Tuesday, July 29, 2008

  • Tuesday, July 29, 2008
  • Elder of Ziyon
From Reuters:
The Israeli actor playing Saddam Hussein in a new television series once narrowly escaped a missile fired by the late dictator's army.

But for Igal Naor, taking the lead role in "House of Saddam", the BBC/HBO dramatisation of Saddam's 24-year rule airing in Britain from Wednesday, it was not about revenge.

Instead, the 50-year-old from near Tel Aviv believes his experience of the conflicts and complexities of the Middle East, and his childhood effectively raised as an Arab in Israel after his family left Baghdad, gave him the edge over other actors.

"In the street everyone spoke Iraqi. It was a 'little Baghdad' around Tel Aviv," he said of the neighbourhood where he grew up that was dominated by Iraqi Jews who left Baghdad after Israel's founding 60 years ago.

"I could understand much better than, say, a British actor or an American actor about what this man is and the environment he was living in," Naor told Reuters by telephone.

"This is my area, the Middle East, Iraq. I can understand things like the special need for honour, pride. I live in an environment of war and blood."

He recalled how a missile fired by Iraq at Israel in 1991, during the first Gulf War triggered by Saddam's invasion of Kuwait, landed close by.

"As an Israeli, he was an enemy," Naor explained. "In 1991 a missile he sent to Tel Aviv fell 50 metres from my house with one tonne of explosives. Luckily nothing happened to us."

Nevertheless, he added: "I didn't love him or hate him."

Naor, who has appeared in Hollywood movies "Munich" and "Rendition", rejected the idea that casting an Israeli as Saddam should be seen as controversial.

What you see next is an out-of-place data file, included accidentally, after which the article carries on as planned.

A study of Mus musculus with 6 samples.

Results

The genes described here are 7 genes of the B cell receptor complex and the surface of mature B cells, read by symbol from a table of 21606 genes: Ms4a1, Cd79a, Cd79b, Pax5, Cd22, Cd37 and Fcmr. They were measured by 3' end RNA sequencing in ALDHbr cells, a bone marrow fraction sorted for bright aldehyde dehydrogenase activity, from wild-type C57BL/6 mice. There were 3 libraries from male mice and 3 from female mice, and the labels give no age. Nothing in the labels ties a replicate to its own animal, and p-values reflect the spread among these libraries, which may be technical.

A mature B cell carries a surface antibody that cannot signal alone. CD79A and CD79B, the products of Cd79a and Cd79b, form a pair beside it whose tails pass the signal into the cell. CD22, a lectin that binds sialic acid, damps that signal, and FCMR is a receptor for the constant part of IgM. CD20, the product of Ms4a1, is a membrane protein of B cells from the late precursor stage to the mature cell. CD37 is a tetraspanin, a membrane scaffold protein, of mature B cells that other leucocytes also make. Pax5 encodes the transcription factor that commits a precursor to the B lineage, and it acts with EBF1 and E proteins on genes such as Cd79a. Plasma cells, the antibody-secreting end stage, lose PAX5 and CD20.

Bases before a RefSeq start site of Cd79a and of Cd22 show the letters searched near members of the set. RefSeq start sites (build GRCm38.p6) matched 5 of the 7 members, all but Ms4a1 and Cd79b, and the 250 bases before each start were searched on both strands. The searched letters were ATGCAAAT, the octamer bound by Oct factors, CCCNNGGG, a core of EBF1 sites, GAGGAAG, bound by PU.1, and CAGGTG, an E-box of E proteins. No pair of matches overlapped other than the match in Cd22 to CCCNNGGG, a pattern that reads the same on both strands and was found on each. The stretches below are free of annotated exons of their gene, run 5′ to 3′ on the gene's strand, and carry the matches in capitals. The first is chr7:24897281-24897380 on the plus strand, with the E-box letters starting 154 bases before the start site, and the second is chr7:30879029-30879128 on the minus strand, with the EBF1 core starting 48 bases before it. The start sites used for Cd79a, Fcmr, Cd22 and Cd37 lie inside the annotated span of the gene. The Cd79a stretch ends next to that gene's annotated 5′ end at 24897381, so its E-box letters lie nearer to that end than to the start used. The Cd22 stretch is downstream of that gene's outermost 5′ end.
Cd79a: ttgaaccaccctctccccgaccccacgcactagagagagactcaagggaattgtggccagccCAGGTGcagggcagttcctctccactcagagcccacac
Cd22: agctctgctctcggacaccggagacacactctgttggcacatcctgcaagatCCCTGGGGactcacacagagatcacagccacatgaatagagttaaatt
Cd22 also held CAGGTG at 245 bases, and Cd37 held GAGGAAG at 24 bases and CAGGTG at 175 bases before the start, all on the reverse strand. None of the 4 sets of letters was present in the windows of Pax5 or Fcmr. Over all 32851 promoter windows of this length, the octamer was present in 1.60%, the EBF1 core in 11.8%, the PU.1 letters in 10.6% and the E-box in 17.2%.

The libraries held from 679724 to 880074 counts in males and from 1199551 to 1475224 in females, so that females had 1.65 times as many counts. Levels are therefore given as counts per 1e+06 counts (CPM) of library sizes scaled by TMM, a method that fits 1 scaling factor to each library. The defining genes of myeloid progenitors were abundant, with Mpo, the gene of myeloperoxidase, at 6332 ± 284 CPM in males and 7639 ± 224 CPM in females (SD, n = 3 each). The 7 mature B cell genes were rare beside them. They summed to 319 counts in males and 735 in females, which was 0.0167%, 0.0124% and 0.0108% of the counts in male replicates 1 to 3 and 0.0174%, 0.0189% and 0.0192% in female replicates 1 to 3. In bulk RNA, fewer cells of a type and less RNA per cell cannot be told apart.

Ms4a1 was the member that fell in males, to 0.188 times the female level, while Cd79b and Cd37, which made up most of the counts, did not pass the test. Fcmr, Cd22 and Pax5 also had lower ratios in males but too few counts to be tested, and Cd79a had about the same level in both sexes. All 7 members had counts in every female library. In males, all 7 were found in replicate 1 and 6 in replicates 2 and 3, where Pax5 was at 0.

"We are actors, we are artists. Why should we be Israelis, Lebanese or Egyptian?"

Although he encountered no negative feedback at home, there was a backlash against him, and more particularly his co-star Amr Waked, in Waked's native Egypt, he added.

Reuters of course doesn't expand on this last point. From Variety last year:
Egypt's Actors Union, which opposes normalization of ties with Israel, is furious and says Waked now faces being banned from ever filming in Egypt again.

"The position of the union is clear in its rejection of normalization and requires that members abide by this position," declared Ashraf Zaki, chairman of the union.

"He will be facing an investigation as soon as he returns," Zaki added. Waked is in Tunisia for the shooting of the drama, "Between Two Rivers," which is backed by the British Broadcasting Corporation and HBO.

The actor has defended his position, telling Egyptian papers he did not know an Israeli was involved. Furthermore, he told the Egyptian Mail, the film is pro-Arab and criticizes US foreign policy.

He has made it clear he has no intention of leaving the series, in which he plays Hussein Kamel, Saddam's son-in-law who fled from Iraq to Jordan but eventually returned and was executed.

Were he to quit now, the actor said, he would be in breach of his contract.

Notice how bold Waked is in the face of criticism: first he says he didn't know, then he says the film is critical of the US and finally he falls back on not wanting to breach his contract.

Outside of that, he fully supports the Egyptian actors' boycott of Israel.